Parham Parastaran’s family fled to the United States after the Iranian Revolution in 1979, and eventually settled in Champaign. A Champaign Central and University of Illinois alumnus (undergrad and MBA), Parham joined his father as owners of a local Car-X. Since then, Parham has built the business to include nine area locations. The company is giving back to the community this summer through the Car-X Crazy K, an event on Aug. 27 that puts a twist on the traditional 5K run in an effort to raise a lot of money for several Champaign County charities. Parham and his wife, Jennifer, have three beautiful daughters, 6-year-old Ella; 4-year-old Alexa; and 7-month-old Leila. The family lives in Champaign.
Q: Your family has a unique story. Tell us how you came to the U.S and grew up in Champaign.
I first came to the U.S. when I was about 1. My Dad was getting his engineering degree at the University of Oklahoma. I was here until about the age of 5. Then we went to Iran where my dad started his career. In 1979, Iran’s king was overthrown and the Islamic rule began. Being a non-Muslim, and my dad’s Western-educated, made us a target under the new regime. My dad had to flee to London immediately. My mom, brother and I left four days later, but we weren’t as fortunate to leave on a plane like my Dad. The airport was bombed and shutdown the day before we were to fly out to London. So, my Dad enlisted the help of many random people and smuggled us out. We used every form of transportation possible. The escape is a story in itself. I could fill half of a book with that story. So 11 homes later we ended up here in Champaign. It was the middle of my freshman year when we sold our business Yankee Doodle Dandy, a small burger place in Libertyville that our entire family worked at. My dad then started the Car-X on University Avenue. My senior year of college, three years after my dad started the business, it became necessary for me to get involved with the business. I had money saved up from being a local tennis pro and used that to help my dad and buy my way into the business. It was a struggle but we made it. I then decided to make this my life and began to grow the business. I now own nine stores mainly in central Illinois. My dad stayed on as partner until about 2000.
Q: Your father built up the business that you now run. What are the challenges and benefits of a family business?
Truth is I built up the business which made it challenging in a different way. I felt pressure to keep my family involved in anything I did. And at times, that created some tension. But the benefits out-weighed that. I had someone that I could trust. My father did all of the bookkeeping until my wife took over in 2001. While I grew the business I had family behind me that I could trust with the details. That was huge!! I was a big picture guy and without my dad handling the details … I would have failed.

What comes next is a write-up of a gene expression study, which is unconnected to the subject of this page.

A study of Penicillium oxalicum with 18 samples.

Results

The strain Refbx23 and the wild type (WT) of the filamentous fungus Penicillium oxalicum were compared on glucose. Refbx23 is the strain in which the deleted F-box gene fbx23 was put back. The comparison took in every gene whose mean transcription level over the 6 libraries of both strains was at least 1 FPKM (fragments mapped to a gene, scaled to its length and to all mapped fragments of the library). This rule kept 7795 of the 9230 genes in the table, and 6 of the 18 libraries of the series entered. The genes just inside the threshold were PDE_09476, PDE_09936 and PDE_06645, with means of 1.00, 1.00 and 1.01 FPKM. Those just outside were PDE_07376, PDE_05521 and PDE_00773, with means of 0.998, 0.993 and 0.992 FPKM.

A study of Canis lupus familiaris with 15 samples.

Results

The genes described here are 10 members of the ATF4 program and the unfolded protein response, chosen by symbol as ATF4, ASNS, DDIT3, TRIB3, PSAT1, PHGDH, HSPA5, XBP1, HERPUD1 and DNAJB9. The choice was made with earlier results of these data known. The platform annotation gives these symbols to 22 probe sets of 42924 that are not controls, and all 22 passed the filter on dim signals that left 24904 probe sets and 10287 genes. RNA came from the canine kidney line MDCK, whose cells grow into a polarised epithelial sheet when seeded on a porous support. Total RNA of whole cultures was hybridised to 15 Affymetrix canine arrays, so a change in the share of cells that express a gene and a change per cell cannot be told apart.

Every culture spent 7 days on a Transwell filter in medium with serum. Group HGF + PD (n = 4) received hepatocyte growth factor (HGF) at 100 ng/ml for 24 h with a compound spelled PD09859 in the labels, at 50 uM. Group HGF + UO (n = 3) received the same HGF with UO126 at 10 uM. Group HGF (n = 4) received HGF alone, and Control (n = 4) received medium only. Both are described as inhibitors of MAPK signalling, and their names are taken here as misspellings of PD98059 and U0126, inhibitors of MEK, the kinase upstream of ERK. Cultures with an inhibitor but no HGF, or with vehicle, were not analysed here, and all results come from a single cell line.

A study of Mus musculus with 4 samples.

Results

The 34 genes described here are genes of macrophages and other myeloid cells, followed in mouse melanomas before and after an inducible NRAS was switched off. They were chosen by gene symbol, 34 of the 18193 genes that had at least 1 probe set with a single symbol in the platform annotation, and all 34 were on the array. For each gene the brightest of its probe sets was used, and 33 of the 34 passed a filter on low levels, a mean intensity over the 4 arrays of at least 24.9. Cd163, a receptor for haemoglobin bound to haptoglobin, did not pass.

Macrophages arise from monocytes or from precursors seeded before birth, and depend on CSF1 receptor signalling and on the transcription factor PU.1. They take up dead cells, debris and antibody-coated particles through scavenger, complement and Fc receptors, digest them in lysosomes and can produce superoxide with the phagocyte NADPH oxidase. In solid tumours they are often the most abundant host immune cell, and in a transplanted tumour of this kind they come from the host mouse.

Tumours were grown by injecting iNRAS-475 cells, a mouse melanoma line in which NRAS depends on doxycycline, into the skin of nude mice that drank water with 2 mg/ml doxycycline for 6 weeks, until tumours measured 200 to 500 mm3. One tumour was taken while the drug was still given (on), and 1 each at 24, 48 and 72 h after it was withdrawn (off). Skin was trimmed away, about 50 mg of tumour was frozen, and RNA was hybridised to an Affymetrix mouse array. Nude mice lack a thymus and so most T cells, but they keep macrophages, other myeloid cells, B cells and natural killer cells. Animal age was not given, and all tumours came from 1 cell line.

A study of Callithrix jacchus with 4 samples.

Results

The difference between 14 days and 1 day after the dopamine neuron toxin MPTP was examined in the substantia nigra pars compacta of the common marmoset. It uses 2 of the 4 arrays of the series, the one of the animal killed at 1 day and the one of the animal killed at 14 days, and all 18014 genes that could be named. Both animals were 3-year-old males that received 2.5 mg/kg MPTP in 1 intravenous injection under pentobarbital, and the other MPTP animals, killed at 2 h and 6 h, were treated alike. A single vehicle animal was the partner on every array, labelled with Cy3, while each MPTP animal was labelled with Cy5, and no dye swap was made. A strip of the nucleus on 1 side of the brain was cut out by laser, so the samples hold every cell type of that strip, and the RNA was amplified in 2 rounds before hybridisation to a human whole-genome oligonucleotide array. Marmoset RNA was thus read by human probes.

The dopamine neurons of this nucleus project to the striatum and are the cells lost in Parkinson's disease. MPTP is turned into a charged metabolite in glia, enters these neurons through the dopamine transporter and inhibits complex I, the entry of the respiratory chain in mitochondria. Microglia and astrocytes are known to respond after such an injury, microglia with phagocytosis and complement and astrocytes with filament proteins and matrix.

Q: What did you learn from your own father that you hope to pass down to your children?
My dad’s biggest lesson to me was “don’t ever fool yourself” and “always stay humble.” Hands down, the two most important things that I will never forget that helped my life.
Q: We’re getting excited about the Car-X Crazy K, the race/event/fundraiser on Aug. 27. What is your goal for the event and how can people get involved?
The goal is simple. I want thousands of people to participate and see how fun it can be to create money for local charities. I want to be able to say the “10th annual Crazy K” someday! People can get involved in many ways. 1) Spread the word. 2) Come and hang out and watch the event and the bands if they don’t want to run. It costs $20 for an all-day pass and that includes one meal. 3) Volunteer! On the website you can sign up to volunteer or call my office at 217-819-3021 for more info.
Q: Father’s Day is this weekend. What would be an ideal Father’s Day for you?
Golf in the morning with my buddies, afternoon with kids and my wife, and finally dinner at my home (that I cook).
Q: What does fatherhood mean to you?
Great question! It means many things. Mainly for me it means to learn day by day to redirect my focus from personal needs to my children’s needs. Easier said than done.